The world of finance and investments is notorious for its extensive use of jargon. With a goal of enhancing financial literacy and making the world of money more transparent, we are committing to a “monthly jargon” post that focuses on debunking various financial terms that are continuously used sans explanation. This month, we are exploring a concept that has gained quite a bit of traction in the investment world throughout the past few years: dividends. When we hear the word “dividend,” we may have flashbacks to a sixth-grade math class and think about a number being divided by another number; however, in the finance realm, the meaning is more fruitful. In financial terms, a dividend is an amount of money paid regularly by a company to its shareholders out of its profits. These distributed sums of money can be issued as cash or stock shares, with cash dividends being the most common form. Because of the appealing financial incentive, companies that regularly reward shareholders with dividends are a popular investment for many investors. A publicly-traded company that pays dividends is known as a dividend stock, and the money that drives dividends comes from a company’s net profits. Although a dividend-paying company keeps a majority of its profits internally, known as retained earnings, to fund its business, a portion of the earnings is divided among shareholders – hence “dividends” – to reward them for their investment in and support of the company. That being said, publicly-traded companies that pay dividends typically produce suitable profits.

Now, how is the amount of a dividend determined and when are dividends rewarded to investors? Given the link between dividends and a company’s profits, dividends are typically distributed to investors on a quarterly basis according to the company announcing its quarterly earnings. The board of directors of a publicly-traded company is the group that determines the issuing of dividends, and the board can decide to issue these sums at various time frames and with varying payout rates. Most dividends are paid out monthly, quarterly, or annually. Even if a dividend-paying company experiences meager profits, the company will still issue a dividend, albeit smaller than usual, to uphold its track record of doing so. If a company experiences particularly strong performance and a favorable outlook for future growth, it will even reward a one-time special dividend in addition to a scheduled dividend. A few big-name dividend payers that many of us will recognize are Apple, Intel, and Microsoft.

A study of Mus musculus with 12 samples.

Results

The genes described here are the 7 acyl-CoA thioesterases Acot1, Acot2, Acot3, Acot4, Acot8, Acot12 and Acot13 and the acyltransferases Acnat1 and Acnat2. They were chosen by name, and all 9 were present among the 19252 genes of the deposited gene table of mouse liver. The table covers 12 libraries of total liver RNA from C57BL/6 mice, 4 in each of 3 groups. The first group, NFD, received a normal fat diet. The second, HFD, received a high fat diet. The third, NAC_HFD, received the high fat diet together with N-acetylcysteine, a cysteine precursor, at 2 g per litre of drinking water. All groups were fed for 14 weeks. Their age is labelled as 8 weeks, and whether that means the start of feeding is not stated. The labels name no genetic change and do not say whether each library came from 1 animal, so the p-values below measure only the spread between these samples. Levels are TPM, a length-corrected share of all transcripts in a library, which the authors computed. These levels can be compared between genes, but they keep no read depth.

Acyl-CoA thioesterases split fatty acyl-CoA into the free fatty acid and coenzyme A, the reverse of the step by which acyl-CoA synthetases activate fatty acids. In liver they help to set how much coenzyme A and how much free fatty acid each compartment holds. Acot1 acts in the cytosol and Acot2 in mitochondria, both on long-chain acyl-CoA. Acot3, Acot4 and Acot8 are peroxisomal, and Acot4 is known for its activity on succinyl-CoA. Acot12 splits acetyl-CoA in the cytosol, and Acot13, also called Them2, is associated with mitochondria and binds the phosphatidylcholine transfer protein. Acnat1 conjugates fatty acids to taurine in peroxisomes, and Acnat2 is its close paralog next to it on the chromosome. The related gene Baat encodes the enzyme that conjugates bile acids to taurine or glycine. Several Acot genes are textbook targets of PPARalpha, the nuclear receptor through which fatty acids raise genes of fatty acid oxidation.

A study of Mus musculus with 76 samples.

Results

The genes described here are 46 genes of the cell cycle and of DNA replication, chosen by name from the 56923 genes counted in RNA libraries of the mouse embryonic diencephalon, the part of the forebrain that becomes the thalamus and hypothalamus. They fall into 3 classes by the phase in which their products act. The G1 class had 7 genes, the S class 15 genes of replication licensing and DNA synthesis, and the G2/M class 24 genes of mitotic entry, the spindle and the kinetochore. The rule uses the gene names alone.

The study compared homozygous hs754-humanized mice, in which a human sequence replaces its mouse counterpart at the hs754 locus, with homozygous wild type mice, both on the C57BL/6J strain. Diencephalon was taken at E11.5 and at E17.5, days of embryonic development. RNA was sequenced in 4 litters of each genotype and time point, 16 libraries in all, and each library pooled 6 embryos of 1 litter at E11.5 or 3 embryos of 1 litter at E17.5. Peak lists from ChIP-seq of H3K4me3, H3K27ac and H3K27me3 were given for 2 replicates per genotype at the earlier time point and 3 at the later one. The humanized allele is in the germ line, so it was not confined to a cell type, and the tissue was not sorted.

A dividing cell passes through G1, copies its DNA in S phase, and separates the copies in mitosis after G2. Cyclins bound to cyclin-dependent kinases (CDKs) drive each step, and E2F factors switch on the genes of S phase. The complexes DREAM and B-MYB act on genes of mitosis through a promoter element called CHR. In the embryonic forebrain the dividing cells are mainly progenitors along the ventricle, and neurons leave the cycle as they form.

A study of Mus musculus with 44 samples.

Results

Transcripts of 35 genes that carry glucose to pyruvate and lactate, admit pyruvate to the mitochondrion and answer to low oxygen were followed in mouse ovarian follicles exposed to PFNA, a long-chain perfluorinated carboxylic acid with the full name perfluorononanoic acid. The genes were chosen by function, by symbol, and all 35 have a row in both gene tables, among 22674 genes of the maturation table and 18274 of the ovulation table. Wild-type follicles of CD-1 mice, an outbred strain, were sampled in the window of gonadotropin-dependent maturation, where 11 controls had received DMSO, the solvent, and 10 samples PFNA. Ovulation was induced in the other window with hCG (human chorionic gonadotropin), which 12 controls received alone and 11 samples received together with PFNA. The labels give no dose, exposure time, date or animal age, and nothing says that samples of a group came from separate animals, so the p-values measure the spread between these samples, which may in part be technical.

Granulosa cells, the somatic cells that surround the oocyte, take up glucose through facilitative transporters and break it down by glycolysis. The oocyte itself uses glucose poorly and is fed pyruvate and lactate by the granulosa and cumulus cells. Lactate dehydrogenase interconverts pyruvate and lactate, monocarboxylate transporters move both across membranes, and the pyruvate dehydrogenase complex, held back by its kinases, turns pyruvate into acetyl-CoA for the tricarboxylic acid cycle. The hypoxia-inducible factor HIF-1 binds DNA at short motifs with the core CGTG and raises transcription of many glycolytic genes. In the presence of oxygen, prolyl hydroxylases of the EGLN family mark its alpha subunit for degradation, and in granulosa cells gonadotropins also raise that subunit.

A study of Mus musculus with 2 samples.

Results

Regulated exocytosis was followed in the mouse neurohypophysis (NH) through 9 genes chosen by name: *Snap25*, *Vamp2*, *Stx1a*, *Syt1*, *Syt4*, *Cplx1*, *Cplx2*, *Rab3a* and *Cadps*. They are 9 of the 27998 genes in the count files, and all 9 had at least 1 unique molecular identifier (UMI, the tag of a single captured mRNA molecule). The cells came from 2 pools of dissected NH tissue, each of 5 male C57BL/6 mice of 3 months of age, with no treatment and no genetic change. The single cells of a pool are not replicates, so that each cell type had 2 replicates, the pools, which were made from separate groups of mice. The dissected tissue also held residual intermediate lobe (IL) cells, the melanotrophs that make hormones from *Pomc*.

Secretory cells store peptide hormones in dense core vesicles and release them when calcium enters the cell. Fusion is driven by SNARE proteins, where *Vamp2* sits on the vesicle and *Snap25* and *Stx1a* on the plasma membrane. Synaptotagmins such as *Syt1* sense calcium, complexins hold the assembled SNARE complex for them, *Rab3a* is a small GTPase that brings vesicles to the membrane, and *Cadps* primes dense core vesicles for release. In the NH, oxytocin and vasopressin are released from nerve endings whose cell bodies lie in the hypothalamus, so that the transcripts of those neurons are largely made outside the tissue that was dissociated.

An important note to make is that not all high-earning companies pay dividends. Most notably, Amazon, Facebook, and Alphabet, Google’s parent company, have historically declined to issue dividends to shareholders. The companies that opt against dividend payments are typically quickly expanding and growing companies that declare it is financially wiser for them to reinvest the company profits entirely back into the organization to support their pivotal growths and expansions. These companies essentially want to invest as much as possible into future growth, and investors still favor these stocks because if the company continues to grow, shareholders’ investments will too.       

All in all, investors value the companies that reward shareholders with dividends because of the innate steady-income nature of these mature companies and stocks. Dividends are one of the easiest ways for companies to reward their shareholders and deliver shareholders value beyond typical investment growth. Companies that pay dividends send a clear message of the financial stability of their entity and of the financial strength of the company moving forward.